So the set with all g in G, which includes no inverse elements from G. (g=!g^-1)

I can get this in every example I've done, checking mainly with dihedral groups, it's always been true but I can't find a pattern.

I know that the neutral element can't be in the set, so thats one down, then I thought maybe halfing it, which is wrong I know, as I kept finding cases where the element itself was it's own inverse.

I've really no idea where to go from here.
 

Answers and Replies

  • #2
Dick
 
  • #3
Yeah that's what I mean.

But how do I group an element in a pair if the inverse of that element is itself?
 
  • #4
Dick

But how do I group an element in a pair if the inverse of that element is itself?
H doesn't contain any elements that are inverses of themselves, does it?
 
  • #5
Well H doesn't, but G does, and those are the elements (like the neutral element) that I'm trying to exclude.

Like the dihedral group D6 of a triangle, the symmetry element is it's own inverse.. I think.

In effect I'm trying to find a way to count all the elements in H after I've excluded all the inverse elements from G, and see if it's divisible by 2.
 
  • #6
Dick
 
  • #7
Well the question is this (part b hint)

t0q642.jpg


If I don't exclude them somehow from G and then count I don't see how I can prove it's even.
 
  • #8
Dick
 
  • #9
Hmm. How did you get the order of t(G) was even? I'm not familiar with the order of a set, I know the order of a group is its cardianlity, and I know the definition of the order of an element, but not that lol.

By G-t(G) do you mean literally G minus t(G)?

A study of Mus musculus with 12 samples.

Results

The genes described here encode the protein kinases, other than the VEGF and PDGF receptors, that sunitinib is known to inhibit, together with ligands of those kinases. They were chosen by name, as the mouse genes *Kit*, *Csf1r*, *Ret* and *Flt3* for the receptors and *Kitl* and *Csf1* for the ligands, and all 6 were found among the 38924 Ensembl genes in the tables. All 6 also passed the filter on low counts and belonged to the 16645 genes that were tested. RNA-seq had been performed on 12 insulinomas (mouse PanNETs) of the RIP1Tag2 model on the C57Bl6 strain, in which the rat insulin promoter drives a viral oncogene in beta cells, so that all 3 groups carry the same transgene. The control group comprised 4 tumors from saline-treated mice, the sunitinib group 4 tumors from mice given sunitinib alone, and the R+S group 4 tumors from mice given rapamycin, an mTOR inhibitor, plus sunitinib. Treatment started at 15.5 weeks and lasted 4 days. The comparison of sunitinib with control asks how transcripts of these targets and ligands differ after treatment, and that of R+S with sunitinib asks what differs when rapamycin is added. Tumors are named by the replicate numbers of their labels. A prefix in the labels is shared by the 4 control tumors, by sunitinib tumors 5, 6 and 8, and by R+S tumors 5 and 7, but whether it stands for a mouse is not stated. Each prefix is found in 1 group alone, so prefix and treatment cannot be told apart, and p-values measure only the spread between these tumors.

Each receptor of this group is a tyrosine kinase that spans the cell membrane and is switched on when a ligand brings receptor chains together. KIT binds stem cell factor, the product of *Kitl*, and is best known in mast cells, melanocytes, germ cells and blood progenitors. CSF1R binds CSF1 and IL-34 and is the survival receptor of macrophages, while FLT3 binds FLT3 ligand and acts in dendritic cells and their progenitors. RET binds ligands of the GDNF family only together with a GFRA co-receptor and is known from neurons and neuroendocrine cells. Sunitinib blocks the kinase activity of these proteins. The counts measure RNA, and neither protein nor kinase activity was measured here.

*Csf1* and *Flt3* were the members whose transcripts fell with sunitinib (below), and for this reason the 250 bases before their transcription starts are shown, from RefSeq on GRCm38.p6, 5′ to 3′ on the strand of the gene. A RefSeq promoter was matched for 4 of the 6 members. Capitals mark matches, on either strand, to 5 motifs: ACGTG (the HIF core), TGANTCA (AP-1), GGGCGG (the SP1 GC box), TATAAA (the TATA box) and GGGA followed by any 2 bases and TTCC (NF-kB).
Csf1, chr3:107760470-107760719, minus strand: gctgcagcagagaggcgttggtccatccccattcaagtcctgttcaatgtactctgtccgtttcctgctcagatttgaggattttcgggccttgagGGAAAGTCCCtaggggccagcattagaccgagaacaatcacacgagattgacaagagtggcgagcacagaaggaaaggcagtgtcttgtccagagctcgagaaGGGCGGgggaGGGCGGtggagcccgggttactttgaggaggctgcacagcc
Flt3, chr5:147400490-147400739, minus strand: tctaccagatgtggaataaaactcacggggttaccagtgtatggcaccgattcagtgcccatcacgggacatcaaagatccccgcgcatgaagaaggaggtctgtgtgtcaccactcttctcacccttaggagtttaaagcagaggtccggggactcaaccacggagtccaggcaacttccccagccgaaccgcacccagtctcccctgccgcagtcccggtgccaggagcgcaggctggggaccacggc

• #10
Dick
 
  • #11
That's what I'm not getting, you grouped the elements of t(G) as (h,h^-1), but I don't see any h^-1 in the set, as I thought that because we excluded all the inverses then the elements dont have inverses in the new set, so I don't see how they can be grouped.
 
  • #12
Dick
 
  • #13
Oooh now I get it, I thought it meant there were no inverses, not specifically only the inverses that were the same element!

I get this line now:

'You know t(G) has even order, right? If G has even order then G-t(G) also has even order, right? You know e is in G-t(G), right?'

As for this:

'That means G-t(G) must contain an element g that is not equal to e. What's the order of g?'

I realise that there has to be at least one g in G-t(G) that isn't equal to e (as it's even), but it could be of any order surely, depending on the group.
 
  • #14
Dick
 
  • #15
I know you're probably hinting the order of g is 2 lol, but still..

I can see how it applys to this dihedral group D6, as I have s.r (rotation then symmetry) as my element of order 2, but I can't see why that order is special.
 
  • #16
Dick
 
  • #17
Oh then it's g again!

Sorry.. no excuses

Thanks for all the help!
 
  • #18
Dick
 
  • #19
Yes that's what i meant!

Sorry it's half past midnight here :D
 
  • #20
Dick

Sorry it's half past midnight here :D
I guess that explains a certain slowness. Good job on checking the dihedral groups though. It's always a good idea to check concrete examples before trying to prove something.